Mazda is famous for its rotary powered sports cars: The Mazda RX-7 was a global best seller and a successful racing car. Other famous rotary powered cars include, of course, the Le Mans winning 787B racing car and the stunning RX-8 with its freestyle doors. However, there is one unicorn among Mazda’s rotary powered sedans, station wagons and coupés that stands out from its siblings: A minibus.
Mazda and the minibus
Mazda began building minibuses in 1960. Intended to provide transportation for small businesses, hotels, schools and restaurants, the Mazda Light Bus quickly became famous for its qualities and great comfort. Plus, due to the freestyle design of the rear doors, the early version also served as an ambulance. The Light Bus evolved over the forthcoming years, making its debut as a 25-seater for general public use in 1965. A year before that, it had already amazed the audience of the 1964 Tokyo Motor Show with its super futuristic design that was even carried over to the production version.
With rising demand for minibuses, Mazda launched a fully redesigned and renamed version of the little workhorse in 1972 and the Mazda Parkway 26 was born (the 26 indicating the maximum number of passengers). The Parkway had that certain something: Being built to a high safety standard and giving passengers the comfort and convenience of a radio, powerful heating for cold winters, as well as a soft ceiling and other refinements, it made their time onboard feel extra premium.
A rotating heart
Up to this point, all Mazda buses were powered by piston engines. But when – and why – did Mazda create a rotary powered bus? This was a time when pollution was becoming a worldwide problem. So Mazda decided to introduce the environmentally friendly rotary engine to its Parkway programme in 1974, creating the unique Mazda Parkway Rotary 26. The low-emission 13B rotary engine, famous from the Mazda RX-3 sports car, was clearing Japan’s exhaust gas emission regulations by a wide margin while delivering exceptional performance and maintaining all the quietness and smoothness of the rotary.
However, there was one small problem: Even though the rotary minibus was ahead of its time emission-wise, fuel efficiency was still a problem. When fitted with the optional air conditioning, another 1,000cc reciprocating engine was required. In combination with the two 70 litre fuel tanks which were needed due to the high fuel consumption of the rotary engine, vehicle weight increased by about 400kg, raising fuel consumption even further.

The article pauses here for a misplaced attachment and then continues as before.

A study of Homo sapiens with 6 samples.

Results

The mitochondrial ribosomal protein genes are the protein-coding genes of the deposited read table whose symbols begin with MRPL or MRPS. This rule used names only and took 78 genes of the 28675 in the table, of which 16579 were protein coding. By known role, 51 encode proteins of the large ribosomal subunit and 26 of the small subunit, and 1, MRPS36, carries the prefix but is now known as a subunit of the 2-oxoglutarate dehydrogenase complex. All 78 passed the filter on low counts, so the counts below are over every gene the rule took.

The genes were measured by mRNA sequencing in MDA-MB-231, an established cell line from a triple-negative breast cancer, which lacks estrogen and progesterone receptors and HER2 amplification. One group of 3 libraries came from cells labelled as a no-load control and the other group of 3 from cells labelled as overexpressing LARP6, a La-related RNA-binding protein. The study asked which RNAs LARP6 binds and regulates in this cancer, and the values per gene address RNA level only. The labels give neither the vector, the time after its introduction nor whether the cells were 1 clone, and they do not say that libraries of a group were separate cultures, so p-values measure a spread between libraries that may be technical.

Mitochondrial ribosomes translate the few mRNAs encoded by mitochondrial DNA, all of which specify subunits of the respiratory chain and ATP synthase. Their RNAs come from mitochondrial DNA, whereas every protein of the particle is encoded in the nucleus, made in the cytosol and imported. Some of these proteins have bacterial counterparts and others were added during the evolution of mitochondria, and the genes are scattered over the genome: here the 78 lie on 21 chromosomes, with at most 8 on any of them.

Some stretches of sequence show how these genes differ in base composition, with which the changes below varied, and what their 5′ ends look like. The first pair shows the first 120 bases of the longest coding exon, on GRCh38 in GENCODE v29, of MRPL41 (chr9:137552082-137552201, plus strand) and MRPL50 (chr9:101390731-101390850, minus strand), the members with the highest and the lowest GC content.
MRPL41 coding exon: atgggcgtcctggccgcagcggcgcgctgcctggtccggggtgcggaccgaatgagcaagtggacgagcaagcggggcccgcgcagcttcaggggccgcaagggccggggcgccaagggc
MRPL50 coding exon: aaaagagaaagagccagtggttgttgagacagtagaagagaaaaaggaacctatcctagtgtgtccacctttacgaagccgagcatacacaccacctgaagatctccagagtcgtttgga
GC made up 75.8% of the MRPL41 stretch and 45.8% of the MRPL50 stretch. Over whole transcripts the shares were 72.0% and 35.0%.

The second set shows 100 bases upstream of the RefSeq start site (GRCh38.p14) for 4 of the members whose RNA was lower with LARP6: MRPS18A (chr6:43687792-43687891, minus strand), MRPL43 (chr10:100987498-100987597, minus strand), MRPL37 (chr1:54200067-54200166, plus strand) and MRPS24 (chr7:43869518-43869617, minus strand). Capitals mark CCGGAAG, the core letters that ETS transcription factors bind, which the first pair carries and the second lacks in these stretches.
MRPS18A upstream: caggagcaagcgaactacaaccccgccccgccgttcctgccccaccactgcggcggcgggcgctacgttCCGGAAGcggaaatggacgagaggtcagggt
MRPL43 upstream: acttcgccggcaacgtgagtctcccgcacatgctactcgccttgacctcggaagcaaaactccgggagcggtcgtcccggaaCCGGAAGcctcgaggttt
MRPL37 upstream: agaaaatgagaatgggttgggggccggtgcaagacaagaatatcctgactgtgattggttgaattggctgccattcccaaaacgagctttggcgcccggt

The high running costs led to very small production numbers since small businesses couldn’t afford the rotary powered Parkway. Up until 1976, just 44 units were produced, making it super rare among all the rotary cars manufactured – and a bizarre phenomenon in the history of Mazda vehicles. A new generation of Mazda Parkway rolled onto the dealers’ forecourts in 1982, this time without the little successful rotary version, and was sold until it was discontinued in 1995.
A Parkway story
Even though the Parkway Rotary is super rare – with just 44 ever being produced – the Frey family from Augsburg managed to acquire an example of the rotary powered bus for their Mazda Classic Museum. This was quite the adventure: “A friend of a friend knew someone in Japan who had one for sale,” Joachim Frey remembers. “Thus, without hesitation, we got in touch with the dealer and bought the bus sight unseen. Not knowing what surprises might await us, we had the bus shipped to Rotterdam harbour, where we were finally able to take receipt of the rare vehicle. Of course, the bus needed some work, but it started right away and was driven to Augsburg under its own power.”
Since then, the Parkway has been up and running, impressing the visitors of the Mazda Classic Museum in Augsburg. “The Parkway Rotary was formerly used as a school bus and is a highlight of our collection. It provides a very different driving sensation. You have the turbine-like feeling of the rotary engine and even though it is a bus, it really behaves like a car. It’s a very easy and comfortable drive,” says Joachim Frey. And still to this day the family keeps up friendly relations with the seller of the Parkway Rotary, as Joachim explains with a smile: “We have nicknamed him ‘bus-man’ and he even introduces himself like that when we talk on the phone.”
Read more on the Mazdas that worked for a living here – from vans, trucks, buses and pick-ups.